I hit the single key on the keyboard and simultaneously felt my stomach drop to my feet. It was the fall of 2008, I was a senior filling out college applications and had just typed “0” in response to the question asking for my family’s annual household income. Zero. Literally zero dollars. The housing bubble had burst, what we now know as “The Great Recession” had begun, and both my parents’ jobs had been collateral damage.
“This isn’t necessarily bad,” I thought. “Maybe living without an income will get me some scholarship money.” My GPA was good, my scores were fine, but I knew in my gut I wouldn’t see much in the way of assistance, at least not from a major state university’s financial aid office.
At the time, our History/English class was reading Arthur Miller’s Death of a Salesman. If you never read the book or could use a refresher, spoiler alert: It’s a downer. Arthur Miller’s drama details the crushing realities and delusions of a failed salesman, Willy Loman. After suffering abandonment from his father as a child, Willy spends his life chasing the American Dream, believing success belongs to those who are likable, rather than hardworking. Consequently, Willy is devastated by the loss of his job and is consumed with jealousy as he watches his neighbor and brother prosper. Desperate for one last shot at success, Willy kills himself in order to provide his son with insurance money to fund a new business venture.
Definitely not the feel-good story of the year.
However, the contrast between Willy Loman and my parents wasn’t lost on me. While I read about Willy’s frantic search for meaning and success, obsessing over past mistakes while resenting others, I watched my parents humbly submit our circumstances to the Lord. If there had been frantic searches for meaning or feelings of hostility, my younger brother and I never saw it. Instead, our parents were open and honest with us about the circumstances, expectantly prayed for God’s provision, and faithfully executed the emergency plan they had committed to years before the economy took a hit.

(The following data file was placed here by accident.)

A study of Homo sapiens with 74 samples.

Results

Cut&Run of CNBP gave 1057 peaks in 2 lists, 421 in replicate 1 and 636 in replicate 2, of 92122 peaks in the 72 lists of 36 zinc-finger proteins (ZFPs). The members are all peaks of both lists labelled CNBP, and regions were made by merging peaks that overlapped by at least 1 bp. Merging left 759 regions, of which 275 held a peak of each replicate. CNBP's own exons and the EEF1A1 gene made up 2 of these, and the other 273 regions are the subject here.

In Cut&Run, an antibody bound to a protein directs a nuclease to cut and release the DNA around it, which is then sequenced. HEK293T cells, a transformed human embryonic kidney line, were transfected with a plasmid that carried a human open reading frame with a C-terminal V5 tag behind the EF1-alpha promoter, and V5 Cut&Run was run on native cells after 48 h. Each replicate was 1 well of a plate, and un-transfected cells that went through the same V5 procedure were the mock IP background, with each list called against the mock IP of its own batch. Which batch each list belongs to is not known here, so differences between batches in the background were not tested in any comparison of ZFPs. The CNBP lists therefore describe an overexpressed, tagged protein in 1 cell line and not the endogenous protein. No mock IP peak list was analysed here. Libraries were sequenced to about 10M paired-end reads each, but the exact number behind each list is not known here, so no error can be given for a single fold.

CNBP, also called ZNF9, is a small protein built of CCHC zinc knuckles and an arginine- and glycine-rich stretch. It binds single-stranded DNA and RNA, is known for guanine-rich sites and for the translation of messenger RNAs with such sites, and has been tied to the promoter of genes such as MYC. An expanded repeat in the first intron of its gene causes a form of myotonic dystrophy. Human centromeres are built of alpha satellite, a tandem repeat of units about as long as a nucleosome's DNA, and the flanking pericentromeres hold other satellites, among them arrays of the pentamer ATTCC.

Unlike Willy, my parents knew their identity came from the Lord and who He said they were: beloved; chosen; children of God; a people for His own possession; citizens of heaven; redeemed. The world insists our value is defined by titles, connections, degrees and assets. But as believers, we know our value was secured on the cross when Christ paid the ultimate price for us.
If He’ll take care of the birds of the air and the lilies of the field, how much more will He provide for us – His children?
The circumstances of my senior year may have looked grim, but they’re what allowed me to spend my thirteenth and final year at CCA soaking in some of the most meaningful truths. Despite the difficulties everyone felt during the recession, our CCA community rallied around us, and I saw firsthand how I could trust the Lord with every need. My class was the first to receive the gift of a laptop upon graduation. Families anonymously left us gift cards in the front office. Teachers and coaches were intentional about asking how my brother and I were really doing. To watch God use the community that raised me to provide for us as we trusted in Him was the sweetest parting gift I could have ever received. It allowed me to venture into the real world with full confidence the Lord would take care of me. It’s been 10 years since I filled out that college application, and I know now even more than I did before, that promise is secure.